This holiday tradition has a long and interesting history.

By:  |  December 25, 2020  |    439 Words

Just about everyone who celebrates Christmas these days have at least one Christmas tree. The tree is such a prominent part of the holiday, there’s a song all about it – “O Christmas Tree, O Christmas Tree, How lovely are thy branches!” How did the tree become such a symbol for this holy time of year?

Pagan Times

During the cold winter months, people looked for ways to cheer up their homes and to celebrate the beginning of new life. Evergreens were brought into dwellings for this purpose, and they held spiritual and powerful significance. For instance, red holly berries and mistletoe were sacred because they were just a few of the vegetation that thrived during this time of year. The story of the Christmas tree evolved from this belief.

One of the most popular legends is the story of the English monk, Boniface, who was in Germany during the eighth century to spread the news of Christianity. He found some pagan honoring the Viking god Thor at a sacred oak tree. Boniface chopped down the tree so they couldn’t worship their false god anymore. A fir tree grew from the fallen oak and became the symbol of Christianity because it was a triangle shape that represented the holy trinity.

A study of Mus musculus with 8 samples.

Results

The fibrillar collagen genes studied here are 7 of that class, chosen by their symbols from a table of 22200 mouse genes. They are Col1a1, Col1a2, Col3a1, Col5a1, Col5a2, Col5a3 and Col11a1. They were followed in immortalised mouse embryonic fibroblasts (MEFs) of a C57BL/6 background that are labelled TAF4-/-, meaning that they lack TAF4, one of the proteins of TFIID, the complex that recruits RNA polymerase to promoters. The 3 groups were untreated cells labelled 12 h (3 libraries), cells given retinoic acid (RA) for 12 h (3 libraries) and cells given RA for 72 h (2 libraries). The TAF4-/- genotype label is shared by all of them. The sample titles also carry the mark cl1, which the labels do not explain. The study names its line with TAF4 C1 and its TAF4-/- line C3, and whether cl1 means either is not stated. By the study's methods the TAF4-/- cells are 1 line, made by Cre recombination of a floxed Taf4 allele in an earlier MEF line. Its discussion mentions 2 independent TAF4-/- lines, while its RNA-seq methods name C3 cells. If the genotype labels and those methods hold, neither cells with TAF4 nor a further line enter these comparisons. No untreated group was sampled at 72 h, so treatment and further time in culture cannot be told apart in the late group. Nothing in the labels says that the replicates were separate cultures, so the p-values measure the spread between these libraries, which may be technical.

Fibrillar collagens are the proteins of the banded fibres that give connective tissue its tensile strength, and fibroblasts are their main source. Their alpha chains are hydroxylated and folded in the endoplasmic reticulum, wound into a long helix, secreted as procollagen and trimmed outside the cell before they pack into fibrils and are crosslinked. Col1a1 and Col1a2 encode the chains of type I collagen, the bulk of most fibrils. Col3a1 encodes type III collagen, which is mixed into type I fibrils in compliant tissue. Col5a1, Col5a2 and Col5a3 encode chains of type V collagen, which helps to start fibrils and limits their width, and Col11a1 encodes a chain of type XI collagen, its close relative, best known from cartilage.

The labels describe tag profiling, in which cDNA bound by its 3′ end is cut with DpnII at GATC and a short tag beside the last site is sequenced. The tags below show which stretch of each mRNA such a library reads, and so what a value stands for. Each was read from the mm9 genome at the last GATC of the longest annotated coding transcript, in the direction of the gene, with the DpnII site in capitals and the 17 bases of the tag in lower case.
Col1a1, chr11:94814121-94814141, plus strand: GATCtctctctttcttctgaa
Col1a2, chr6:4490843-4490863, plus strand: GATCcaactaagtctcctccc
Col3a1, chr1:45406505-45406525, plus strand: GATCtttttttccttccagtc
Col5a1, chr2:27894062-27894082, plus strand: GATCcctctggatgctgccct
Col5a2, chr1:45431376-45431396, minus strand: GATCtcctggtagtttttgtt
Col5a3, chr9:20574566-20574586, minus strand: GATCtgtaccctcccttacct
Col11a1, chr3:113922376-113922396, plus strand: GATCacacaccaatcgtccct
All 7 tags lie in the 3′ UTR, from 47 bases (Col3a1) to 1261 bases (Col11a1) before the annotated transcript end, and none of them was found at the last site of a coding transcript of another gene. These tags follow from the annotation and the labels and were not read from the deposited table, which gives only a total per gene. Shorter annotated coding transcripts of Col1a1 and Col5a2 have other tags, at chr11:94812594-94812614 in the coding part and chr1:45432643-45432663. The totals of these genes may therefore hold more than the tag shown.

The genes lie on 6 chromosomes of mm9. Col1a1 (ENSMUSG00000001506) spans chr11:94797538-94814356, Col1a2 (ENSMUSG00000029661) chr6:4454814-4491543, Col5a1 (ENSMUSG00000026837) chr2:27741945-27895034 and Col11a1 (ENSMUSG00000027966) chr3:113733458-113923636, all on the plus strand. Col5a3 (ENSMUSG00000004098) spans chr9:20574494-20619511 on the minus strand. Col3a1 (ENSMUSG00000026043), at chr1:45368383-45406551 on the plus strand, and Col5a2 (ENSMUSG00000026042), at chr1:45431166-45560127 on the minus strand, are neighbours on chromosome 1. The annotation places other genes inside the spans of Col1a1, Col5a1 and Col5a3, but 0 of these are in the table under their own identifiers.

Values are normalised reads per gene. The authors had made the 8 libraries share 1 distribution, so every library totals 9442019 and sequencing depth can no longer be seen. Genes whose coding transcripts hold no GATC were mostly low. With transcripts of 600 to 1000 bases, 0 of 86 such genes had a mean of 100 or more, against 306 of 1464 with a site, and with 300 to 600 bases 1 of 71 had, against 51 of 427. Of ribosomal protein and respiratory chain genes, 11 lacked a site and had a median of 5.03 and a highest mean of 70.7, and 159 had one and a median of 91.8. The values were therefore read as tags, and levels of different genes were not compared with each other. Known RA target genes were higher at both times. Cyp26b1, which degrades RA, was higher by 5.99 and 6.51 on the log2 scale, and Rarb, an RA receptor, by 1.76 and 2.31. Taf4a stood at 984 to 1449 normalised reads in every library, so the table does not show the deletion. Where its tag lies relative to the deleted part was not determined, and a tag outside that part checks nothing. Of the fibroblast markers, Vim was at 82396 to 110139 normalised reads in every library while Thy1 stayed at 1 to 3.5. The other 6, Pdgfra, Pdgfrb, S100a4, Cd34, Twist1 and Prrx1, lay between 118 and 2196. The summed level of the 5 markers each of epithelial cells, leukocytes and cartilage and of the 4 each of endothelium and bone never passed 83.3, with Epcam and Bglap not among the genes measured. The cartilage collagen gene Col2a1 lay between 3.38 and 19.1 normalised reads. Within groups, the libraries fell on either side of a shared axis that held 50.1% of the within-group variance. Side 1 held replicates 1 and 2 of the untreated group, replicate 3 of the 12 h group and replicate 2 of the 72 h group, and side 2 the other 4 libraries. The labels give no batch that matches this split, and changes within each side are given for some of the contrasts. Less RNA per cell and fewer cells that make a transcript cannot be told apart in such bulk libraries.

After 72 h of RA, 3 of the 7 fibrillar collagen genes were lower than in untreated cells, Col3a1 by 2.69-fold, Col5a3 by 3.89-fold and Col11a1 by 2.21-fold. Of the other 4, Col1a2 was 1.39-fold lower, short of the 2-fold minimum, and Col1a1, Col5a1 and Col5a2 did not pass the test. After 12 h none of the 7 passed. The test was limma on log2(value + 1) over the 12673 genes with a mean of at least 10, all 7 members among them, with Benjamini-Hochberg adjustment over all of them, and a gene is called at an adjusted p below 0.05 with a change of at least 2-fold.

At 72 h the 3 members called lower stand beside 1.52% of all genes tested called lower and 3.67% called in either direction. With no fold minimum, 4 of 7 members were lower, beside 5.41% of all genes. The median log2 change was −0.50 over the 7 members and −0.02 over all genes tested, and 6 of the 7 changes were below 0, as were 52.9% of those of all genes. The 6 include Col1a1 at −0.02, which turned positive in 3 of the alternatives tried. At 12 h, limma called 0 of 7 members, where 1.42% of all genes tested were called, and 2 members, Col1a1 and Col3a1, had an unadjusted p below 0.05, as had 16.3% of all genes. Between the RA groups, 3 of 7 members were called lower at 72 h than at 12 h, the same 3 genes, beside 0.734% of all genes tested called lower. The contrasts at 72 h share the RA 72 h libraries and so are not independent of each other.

Bringing us to the Present

Rockefeller Christmas tree

Rockefeller Christmas tree

The Puritans were especially strict about Christmas and traditions. In 1659, the General Court of Massachusetts made it a law that December 25 could only be celebrated by attending a church service. If people hung decorations or in any other “pagan” way observed the holy day, they could be fined or worse. Amazingly, Americans followed that stern example until the 1800s, after German and Irish immigrants started arriving and sharing their traditions.

But what really popularized the Christmas tree in American homes came from Great Britain’s Queen Victoria and Prince Albert in the 1840s and 1850s. The queen’s mother, Princess Victoria of Saxe-Coburg-Saalfeld, was German so she grew up with the tradition. In 1848, the royal family decorated a tree in Windsor Castle. When the image was illustrated in the London News of the queen, who was very popular, and the family around the decorated tree, the trend was born even across the pond. People couldn’t wait to follow the fad and by the 1890s Americans had added their own touch: While European Christmas trees tended to be around 4-foot-tall, Americans liked trees that went from floor to ceiling.

Today, Christmas trees are not only in most every home, they are in stores, along streets, and range from small to several stories tall.